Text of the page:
By Brent Stephens on June 24, 2015
Economists Meredith Fowlie and Catherine Wolfram at the University of California, Berkeley and Michael Greenstone at the Energy Policy Institute at the University of Chicago (EPIC) have published a new working paper on the economics of residential energy efficiency retrofits, in which they present some discouraging results:
I first read the short research summary from EPIC, “Costs of Residential Energy Efficiency Investments are Twice their Benefits: Implications for Policy,” and found some surprising conclusions that led me to dig deeper into the actual working paper, “Do Energy Efficiency Investments Deliver? Evidence from the Weatherization Assistance Program.”
It’s been forever since I’ve done one of these literature round-up posts, but you could say that about a lot of post types on here….
Regardless, here are a few recently published papers that I find really interesting:
- Ji and Zhao, 2015, PLoS ONE, Estimating Mortality Derived from Indoor Exposure to Particles of Outdoor Origin – this is a really important effort to combine outdoor air pollution data (PM2.5 and PM10) with a mechanistic understanding of how outdoor particles infiltrate into indoor environments (where we spend most of our time) and estimate the impact of indoor exposure to particles of outdoor origin on mortality. Basically: in the US, Europe, and China, our indoor exposures to outdoor PM account for about 80 or 90% of the mortality associated with outdoor PM. This is something I’ve been thinking about and saying for several years now, so I love to see the work that Bin Zhao and his group are doing at Tsinghua University!
- Bouslimani et al, PNAS, Molecular cartography of the human skin surface in 3D – This one is intense — basically, our bodies are literally covered with both chemicals and microbes, but the chemical makeup of skin surfaces aren’t well understood in total. This paper swabbed the hell out of some peoples’ skin and performed mass spectrometry (for the chemicals) and 16S rRNA sequencing (for the microbes) and made a 3D map of the data. They ended up with some wild human chemical/microbial plots like this:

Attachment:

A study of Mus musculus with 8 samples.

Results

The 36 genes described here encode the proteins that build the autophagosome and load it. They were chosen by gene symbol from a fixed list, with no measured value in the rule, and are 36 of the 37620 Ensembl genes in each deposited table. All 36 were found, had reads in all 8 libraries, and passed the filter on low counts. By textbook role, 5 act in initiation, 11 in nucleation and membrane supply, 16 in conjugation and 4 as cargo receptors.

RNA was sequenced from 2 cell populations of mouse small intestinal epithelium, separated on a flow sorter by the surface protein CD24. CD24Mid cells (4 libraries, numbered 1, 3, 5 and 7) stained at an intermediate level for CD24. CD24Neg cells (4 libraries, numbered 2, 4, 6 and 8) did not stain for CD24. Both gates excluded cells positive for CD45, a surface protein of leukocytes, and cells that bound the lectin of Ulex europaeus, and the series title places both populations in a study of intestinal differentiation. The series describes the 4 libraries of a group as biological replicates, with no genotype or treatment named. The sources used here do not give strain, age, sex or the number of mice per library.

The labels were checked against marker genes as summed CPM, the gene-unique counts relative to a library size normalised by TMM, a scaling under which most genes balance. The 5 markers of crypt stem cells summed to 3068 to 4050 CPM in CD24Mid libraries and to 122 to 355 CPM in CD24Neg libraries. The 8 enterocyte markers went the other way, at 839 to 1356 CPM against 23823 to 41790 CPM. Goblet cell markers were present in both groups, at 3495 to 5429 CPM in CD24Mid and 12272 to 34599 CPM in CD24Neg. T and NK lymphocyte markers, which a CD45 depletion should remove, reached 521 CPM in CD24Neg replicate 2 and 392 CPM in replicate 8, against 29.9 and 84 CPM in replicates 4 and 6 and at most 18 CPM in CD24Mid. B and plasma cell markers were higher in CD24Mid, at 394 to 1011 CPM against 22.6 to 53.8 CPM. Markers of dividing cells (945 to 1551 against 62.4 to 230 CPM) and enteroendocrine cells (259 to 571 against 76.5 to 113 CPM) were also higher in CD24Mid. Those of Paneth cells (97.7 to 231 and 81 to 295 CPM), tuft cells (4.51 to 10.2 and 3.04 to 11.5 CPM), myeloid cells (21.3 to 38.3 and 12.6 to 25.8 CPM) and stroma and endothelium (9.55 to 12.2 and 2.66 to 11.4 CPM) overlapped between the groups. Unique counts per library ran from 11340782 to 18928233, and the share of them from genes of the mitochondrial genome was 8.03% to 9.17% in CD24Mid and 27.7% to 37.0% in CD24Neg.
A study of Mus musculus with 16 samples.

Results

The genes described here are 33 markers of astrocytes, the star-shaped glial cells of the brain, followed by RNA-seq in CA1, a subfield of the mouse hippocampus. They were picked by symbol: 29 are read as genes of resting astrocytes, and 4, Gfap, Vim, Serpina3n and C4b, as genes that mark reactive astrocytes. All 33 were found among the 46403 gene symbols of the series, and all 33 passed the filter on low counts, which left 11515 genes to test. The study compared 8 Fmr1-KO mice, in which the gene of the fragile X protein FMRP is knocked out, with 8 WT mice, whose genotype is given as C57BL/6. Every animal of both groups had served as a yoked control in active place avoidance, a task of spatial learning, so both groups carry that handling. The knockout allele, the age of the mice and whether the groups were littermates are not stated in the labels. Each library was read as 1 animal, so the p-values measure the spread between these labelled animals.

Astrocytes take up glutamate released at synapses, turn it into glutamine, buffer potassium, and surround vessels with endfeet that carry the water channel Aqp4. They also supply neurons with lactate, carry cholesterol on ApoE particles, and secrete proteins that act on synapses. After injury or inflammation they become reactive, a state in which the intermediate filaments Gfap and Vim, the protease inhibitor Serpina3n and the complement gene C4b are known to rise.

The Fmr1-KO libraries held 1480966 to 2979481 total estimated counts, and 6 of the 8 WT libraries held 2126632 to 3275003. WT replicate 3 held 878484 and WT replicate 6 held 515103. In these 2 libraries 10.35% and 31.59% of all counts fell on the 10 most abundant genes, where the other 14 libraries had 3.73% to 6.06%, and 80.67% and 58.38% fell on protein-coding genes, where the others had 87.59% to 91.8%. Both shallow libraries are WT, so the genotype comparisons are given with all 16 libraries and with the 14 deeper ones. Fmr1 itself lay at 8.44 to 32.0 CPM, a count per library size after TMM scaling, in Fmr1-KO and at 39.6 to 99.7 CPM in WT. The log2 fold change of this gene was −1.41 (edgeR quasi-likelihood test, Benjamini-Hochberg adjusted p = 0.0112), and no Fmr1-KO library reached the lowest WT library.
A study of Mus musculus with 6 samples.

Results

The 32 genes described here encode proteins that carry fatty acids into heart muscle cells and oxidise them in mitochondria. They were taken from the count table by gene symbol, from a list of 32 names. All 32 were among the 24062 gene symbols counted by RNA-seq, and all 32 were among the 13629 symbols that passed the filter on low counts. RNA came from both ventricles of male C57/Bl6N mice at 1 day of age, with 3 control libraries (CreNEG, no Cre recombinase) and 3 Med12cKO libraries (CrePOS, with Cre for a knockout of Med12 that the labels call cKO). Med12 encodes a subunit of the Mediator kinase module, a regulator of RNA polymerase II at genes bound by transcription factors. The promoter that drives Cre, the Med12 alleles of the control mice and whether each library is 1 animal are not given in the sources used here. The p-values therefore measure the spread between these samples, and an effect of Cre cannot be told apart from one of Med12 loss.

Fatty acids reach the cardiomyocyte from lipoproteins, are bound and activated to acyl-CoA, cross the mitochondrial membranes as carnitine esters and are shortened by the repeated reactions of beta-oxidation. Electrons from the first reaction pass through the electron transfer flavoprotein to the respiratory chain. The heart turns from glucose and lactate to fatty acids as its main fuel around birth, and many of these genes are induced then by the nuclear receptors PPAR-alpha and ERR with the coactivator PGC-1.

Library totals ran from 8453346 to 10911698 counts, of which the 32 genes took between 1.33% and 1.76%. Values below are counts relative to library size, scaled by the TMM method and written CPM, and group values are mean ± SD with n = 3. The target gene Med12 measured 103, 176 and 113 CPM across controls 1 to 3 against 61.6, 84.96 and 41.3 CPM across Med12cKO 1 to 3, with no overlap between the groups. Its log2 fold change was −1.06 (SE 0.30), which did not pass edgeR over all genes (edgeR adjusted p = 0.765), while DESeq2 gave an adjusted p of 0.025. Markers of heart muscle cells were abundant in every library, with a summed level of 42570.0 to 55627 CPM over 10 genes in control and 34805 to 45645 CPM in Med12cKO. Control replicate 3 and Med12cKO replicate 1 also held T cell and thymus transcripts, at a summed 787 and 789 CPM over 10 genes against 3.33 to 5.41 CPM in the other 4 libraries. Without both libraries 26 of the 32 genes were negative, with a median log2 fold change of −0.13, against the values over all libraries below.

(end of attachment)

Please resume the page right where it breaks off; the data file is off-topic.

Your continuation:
- Langevin et al, Building and Environment, Simulating the human-building interaction: Development and validation of an agent-based model of office occupant behaviors – This is very cool work that develops and validates an agent-based model of occupant behavior using data from a long-term field study in an office. Basically the ‘agents’ in the model can reasonably accurately mimic the real life occupants and make decisions about whether or not to turn on a fan, heater, or open a window based on their current thermal comfort levels and sensations. This is really important work to see published.
- Jiao et al, ES&T, Field Assessment of the Village Green Project: An Autonomous Community Air Quality Monitoring System – cheap air quality sensors, low cost air quality monitors, or whatever you want to call them are HUGE right now. It really seems like people want to know what they’re breathing and want to be able to understand it accurately and inexpensively. It’s a sort of holy grail for any field. This paper reports a field assessment of a solar-powered air monitoring park bench that could measure ozone, PM2.5, and meteorological parameters and stream the data to the public. They were able to collect a bunch of data in Durham, NC, and had relatively decent correlations with nearby federal equivalent method (FEM) monitors (in English: regulatory monitors). Very cool.